July 26, 2018

The Indiana Court of Appeals found a trial court exceeded its authority and made errors of law when it ordered only $1 million into a special needs trust after a settlement of more than $17 million. 

In 2013, then-42-year-old Timothy Robbins sustained catastrophic, permanent injuries when he was  side-swiped by a semitruck, resulting in Timothy being ejected from his vehicle. As a result of the accident, he sustained a devastating traumatic brain injury, multiple skull and facial fractures, and additional serious injuries. He now permanently resides in a nursing home and will require full-time care for the rest of his life.

Timothy’s father was appointed to be the permanent guardian over Robbins and his estate. In a lawsuit against the tortfeasors responsible for the accident, the jury awarded damages to Robbins in the amount of $18.5 million. In post-trial mediation, the parties agreed to settle the case for $17.75 million.

His guardian was concerned that Robbins would lose eligibility for his Medicaid and Supplemental Security Income (SSI) benefits.

After paying attorney’s fees and litigation expenses, the net settlement to Timothy was $11.2 million. The structured settlement agreement provided that $4.5 million of the net amount would be funded through two annuities, providing Timothy guaranteed monthly payments for 25 years, and that the remaining $6.75 million would be paid in a lump sum. Robbins' guardian sought authority to create and fund the special needs trust with that lump sum.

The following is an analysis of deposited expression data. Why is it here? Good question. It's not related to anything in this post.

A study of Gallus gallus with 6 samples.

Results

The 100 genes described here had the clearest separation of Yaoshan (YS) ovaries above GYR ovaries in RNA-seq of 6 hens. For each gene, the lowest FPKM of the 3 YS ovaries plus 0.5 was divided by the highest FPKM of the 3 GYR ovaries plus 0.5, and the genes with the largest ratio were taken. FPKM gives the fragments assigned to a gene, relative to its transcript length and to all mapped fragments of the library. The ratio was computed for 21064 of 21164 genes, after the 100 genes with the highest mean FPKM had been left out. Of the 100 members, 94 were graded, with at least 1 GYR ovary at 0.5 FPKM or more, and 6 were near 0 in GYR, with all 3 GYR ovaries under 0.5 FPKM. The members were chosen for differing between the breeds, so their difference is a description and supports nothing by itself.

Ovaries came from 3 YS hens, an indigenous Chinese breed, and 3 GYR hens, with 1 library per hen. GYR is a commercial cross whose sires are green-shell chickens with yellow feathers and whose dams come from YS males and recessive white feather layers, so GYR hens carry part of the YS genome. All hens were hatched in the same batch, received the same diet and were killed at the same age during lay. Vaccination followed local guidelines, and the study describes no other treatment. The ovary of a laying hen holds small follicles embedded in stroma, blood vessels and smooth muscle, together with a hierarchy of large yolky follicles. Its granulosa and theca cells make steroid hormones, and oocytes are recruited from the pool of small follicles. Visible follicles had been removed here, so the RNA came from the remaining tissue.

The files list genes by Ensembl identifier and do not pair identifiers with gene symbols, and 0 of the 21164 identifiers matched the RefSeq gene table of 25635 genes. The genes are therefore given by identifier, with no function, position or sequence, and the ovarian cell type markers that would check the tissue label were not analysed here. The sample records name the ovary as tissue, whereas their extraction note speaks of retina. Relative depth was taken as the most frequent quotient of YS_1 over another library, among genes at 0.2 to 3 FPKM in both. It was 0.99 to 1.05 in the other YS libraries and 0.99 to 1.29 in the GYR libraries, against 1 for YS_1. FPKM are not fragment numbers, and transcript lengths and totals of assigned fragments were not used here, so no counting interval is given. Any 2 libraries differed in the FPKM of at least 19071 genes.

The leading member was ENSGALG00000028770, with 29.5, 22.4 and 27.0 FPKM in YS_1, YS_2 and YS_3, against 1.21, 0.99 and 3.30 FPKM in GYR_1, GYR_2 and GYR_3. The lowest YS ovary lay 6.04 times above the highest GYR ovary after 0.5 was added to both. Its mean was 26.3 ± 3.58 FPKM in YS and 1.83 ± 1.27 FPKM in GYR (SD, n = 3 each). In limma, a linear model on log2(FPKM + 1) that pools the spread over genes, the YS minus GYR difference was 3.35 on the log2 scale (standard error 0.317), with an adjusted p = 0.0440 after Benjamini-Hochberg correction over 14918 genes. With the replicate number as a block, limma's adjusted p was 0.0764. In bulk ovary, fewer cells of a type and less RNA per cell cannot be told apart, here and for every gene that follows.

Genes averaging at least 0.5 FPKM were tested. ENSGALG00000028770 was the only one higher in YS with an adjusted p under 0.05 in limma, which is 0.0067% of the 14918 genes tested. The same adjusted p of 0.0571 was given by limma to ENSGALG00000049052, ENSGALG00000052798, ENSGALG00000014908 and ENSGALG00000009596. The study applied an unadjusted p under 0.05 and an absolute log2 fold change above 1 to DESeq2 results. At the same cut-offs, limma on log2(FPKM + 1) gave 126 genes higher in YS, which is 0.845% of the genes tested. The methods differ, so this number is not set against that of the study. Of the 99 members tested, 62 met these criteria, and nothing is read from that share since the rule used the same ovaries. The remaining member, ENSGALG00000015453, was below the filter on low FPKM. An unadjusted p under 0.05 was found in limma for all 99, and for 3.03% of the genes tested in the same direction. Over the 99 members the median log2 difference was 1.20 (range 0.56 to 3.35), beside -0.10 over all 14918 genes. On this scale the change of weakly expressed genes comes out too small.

But the Johnson Superior Court denied that request. Instead, the trial court allowed only $1 million of the $6.75 million to be placed in the trust, ordering the remaining $5.75 million to be paid directly to the Guardianship Estate.

It reasoned that considerable expenses would have been shifted to the taxpayer, that the amount under the mediated agreement was adequate to meet Timothy’s future needs without public assistance, and that the trust fund appeared to “be for the benefit of the Guardian and the descendants of Timothy A. Robbins as opposed to Timothy A. Robbins.”

However, the appellate court reversed that ruling, acknowledging that even if the trial court had a genuine disagreement with the policy decisions of Indiana state and federal legislators, it is still bound to abide by them.

“While the trial court is free to disagree as to the wisdom of the legislature’s policy choices, the trial court exceeded the bounds of its authority by refusing to enforce this policy choice based on that disagreement,” Judge John Baker wrote for the court.

The appellate court also noted that the trial court’s refusal to place the full amount of the settlement proceeds into the special needs trust was a mistake of law. The court called the decision erroneous and a “legal impossibility” that the special needs trust would be designed to benefit his guardian or descendants.

“The judgment of the trial court is reversed in relevant part and remanded with instructions to direct that the full, available amount of settlement proceeds be placed in Timothy’s special needs trust,” Baker concluded.

The case is In Re the Matter of Guardianship of Timothy A. Robbins, an Adult, 18A-GU-242.